There’s one trap I fall into repeatedly while doing software development of any kind: testing, debugging, coding, documenting, anything. And it happens in every language I’ve ever worked in: Java, C++, Perl, CSS, HTML, XML, etc. The only difference is how much time I waste tracking down the bug.
I have this on my mind now because I just lost at least half an hour to this while working on the CSS stylesheet for this very web site. I have had many students show up during my office hours for help with debugging this problem. I have had at least one company pay me lots of money to fix this problem for them (though they didn’t know this was their bug or they wouldn’t have needed to call me in the first place). I can virtually guarantee you’ve made this mistake too. What is the mistake?
Editing the Wrong File
The problem usually occurs when there are two files named Navigator.java, or wp-admin.css or prices.pl, or whatever. More often than not, they are different versions of the same file. Usually they’re in different directories. Maybe you’ve opened one from a backup directory, or you’ve accidentally saved the file onto your desktop instead of your src directory. Sometimes there are entirely separate copies of the source tree. (That’s what happened to me today. I was actually editing the CSS file for The Cafes, but loading the one from Mokka mit Schlag in my browser.)
This mistake is so obvious we rarely talk about it. Once you realize that’s what you’re doing, the fix is totally obvious. You feel like a bonehead, fix the problem, and move on; at least until the next time it happens. Certainly no one wants to stand up and admit they’ve done this. It is an incredibly stupid mistake, one only a bonehead could make more than once. At least it feels like that to me every time I make it, which is at least once a month.
Until you realize what you’re doing, this is the most frustrating bug imaginable. It usually happens to me during debugging or iterative development. I intend to make a small change and verify that the feature is added or the bug is fixed. I make the change and run the test. (Whether the test is manual or automated doesn’t matter here.) Nothing has changed.
“That’s funny,” I think. I look at the code again and twiddle it a little bit. Still nothing.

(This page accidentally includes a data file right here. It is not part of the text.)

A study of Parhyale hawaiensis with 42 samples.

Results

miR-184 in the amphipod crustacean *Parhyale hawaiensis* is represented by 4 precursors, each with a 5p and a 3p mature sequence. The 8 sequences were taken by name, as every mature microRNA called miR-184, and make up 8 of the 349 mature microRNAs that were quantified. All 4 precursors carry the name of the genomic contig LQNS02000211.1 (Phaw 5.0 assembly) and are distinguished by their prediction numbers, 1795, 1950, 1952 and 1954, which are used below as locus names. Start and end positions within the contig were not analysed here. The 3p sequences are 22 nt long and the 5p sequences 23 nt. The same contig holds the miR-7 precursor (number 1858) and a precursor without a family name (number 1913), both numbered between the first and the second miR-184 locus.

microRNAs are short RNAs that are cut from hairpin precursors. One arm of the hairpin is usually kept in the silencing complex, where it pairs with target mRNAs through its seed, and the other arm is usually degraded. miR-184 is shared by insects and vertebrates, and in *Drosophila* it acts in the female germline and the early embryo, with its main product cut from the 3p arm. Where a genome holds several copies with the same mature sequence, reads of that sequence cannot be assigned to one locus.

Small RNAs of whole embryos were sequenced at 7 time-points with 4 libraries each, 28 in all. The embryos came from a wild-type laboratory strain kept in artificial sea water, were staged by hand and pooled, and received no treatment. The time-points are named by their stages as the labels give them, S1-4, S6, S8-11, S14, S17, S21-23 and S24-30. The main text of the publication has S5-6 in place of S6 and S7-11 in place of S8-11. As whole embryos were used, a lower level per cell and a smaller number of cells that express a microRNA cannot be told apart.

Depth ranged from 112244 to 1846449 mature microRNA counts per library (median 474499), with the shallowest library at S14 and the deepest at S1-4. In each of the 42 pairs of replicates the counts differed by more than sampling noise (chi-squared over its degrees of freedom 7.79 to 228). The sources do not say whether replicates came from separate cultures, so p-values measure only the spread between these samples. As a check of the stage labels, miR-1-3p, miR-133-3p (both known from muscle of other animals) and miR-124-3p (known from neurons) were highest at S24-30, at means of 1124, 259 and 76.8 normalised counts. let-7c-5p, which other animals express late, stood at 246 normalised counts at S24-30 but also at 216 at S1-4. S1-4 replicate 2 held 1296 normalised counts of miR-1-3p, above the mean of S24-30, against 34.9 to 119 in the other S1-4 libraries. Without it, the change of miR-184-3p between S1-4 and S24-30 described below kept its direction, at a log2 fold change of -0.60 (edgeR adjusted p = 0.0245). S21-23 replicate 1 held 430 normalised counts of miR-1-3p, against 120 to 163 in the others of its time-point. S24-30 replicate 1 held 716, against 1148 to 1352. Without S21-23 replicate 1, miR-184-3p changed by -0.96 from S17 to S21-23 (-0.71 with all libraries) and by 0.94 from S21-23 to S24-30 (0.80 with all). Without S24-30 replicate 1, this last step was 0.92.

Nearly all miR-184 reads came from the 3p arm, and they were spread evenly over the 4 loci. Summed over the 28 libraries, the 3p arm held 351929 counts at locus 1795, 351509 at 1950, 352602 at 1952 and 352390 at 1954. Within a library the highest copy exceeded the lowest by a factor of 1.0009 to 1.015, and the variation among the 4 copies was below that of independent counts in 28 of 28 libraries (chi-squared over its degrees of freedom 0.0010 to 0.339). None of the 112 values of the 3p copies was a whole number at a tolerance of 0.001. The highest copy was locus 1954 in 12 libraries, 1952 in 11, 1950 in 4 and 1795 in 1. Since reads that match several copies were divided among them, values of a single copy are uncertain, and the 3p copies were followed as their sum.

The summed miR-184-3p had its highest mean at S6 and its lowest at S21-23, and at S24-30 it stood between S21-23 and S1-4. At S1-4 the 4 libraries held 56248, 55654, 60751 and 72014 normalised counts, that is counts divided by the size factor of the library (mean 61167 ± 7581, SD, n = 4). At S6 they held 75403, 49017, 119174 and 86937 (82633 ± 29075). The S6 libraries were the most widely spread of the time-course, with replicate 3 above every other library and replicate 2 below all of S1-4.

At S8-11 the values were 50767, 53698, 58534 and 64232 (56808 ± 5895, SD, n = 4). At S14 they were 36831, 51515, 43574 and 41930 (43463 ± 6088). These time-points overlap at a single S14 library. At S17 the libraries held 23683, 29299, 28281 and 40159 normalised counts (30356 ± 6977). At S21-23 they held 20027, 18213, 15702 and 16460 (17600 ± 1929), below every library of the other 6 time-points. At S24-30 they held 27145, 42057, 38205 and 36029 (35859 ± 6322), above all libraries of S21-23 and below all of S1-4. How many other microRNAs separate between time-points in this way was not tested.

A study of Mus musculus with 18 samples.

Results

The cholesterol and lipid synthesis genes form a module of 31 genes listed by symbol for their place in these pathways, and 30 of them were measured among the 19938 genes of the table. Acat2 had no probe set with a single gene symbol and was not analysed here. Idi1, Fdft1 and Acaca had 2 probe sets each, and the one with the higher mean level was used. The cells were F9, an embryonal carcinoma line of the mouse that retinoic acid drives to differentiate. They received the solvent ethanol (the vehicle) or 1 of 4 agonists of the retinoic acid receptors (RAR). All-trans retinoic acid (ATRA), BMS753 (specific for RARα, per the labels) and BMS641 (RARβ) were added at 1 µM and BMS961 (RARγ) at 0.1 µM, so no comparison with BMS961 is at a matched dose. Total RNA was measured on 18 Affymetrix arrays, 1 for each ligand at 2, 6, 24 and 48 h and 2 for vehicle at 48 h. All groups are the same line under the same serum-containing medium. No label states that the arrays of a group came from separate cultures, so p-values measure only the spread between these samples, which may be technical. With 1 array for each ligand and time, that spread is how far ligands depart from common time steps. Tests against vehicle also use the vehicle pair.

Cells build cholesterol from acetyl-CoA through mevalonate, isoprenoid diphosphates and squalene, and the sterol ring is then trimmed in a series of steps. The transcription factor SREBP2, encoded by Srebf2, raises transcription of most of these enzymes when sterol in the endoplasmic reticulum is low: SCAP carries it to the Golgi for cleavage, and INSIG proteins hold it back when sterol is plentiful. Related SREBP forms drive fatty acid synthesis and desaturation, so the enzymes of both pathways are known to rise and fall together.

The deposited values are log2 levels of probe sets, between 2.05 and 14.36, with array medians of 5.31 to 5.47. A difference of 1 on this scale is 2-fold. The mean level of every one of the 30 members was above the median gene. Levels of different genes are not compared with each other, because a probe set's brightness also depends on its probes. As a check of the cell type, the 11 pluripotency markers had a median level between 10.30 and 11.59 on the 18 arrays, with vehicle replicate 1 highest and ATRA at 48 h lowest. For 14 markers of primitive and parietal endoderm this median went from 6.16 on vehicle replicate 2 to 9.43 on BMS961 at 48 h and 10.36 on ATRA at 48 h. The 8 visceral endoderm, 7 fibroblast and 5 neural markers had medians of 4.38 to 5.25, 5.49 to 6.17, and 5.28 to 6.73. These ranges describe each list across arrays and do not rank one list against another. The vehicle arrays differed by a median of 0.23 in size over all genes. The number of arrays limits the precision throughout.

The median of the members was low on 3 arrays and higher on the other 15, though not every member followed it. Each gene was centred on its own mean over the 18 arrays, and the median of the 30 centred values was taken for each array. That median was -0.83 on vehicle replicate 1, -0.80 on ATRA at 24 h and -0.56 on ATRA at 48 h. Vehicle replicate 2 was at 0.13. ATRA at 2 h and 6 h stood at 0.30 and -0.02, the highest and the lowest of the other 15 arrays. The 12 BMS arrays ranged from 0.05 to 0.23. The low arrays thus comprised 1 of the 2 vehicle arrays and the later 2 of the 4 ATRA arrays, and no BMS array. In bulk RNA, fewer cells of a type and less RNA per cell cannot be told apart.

I try something else. Nothing.
I back out the edit and start over. Nothing.
I start digging deeper, and trying to figure out how the really obvious piece of code could possibly not be doing what it is obviously doing. Maybe I set a breakpoint; then run the code in the debugger. If I’m lucky the breakpoint isn’t reached. You think that would tell me what the problem is, but it rarely does. My usual reaction is, “Hmm, I must have accidentally hit Run instead of Debug. let’s try that again.” So I run the code in the debugger a second time. Still nothing.
At this point, I’m getting very frustrated. Sometimes I’ll drop out of my IDE to the command line and try it there. Sometimes that will actually work if the command line is picking up different files than the IDE. Sometimes it won’t.
Sooner or later (but later more than sooner) I finally realize what the problem is. I slap myself on the head and move on. The problem is fixed for the moment, but this keeps happening!
Is there any way to avoid this? I am convinced that the programming community is losing person-years of productivity to this mistake. Pair programming doesn’t help. I’ve absolutely been half of pairs where both pairs of eyes were totally focused on looking for bugs in the wrong file. IDEs don’t help. The fact that they often need their own copy of the source tree makes the problem worse rather than better. Ditto for source code control systems. The problem is at its worst in server side environments because the need to deploy the compiled archive introduces another step where the wrong file can replace the right one. Worse yet, the symptoms of this bug in a server side environment look very much like a failure to reload a compiled class or restart the server, even if that’s not what’s happening at all.
This is such an incredibly dumb bug there must be a way to prevent it, but for the life of me I can’t think of one. Ideas?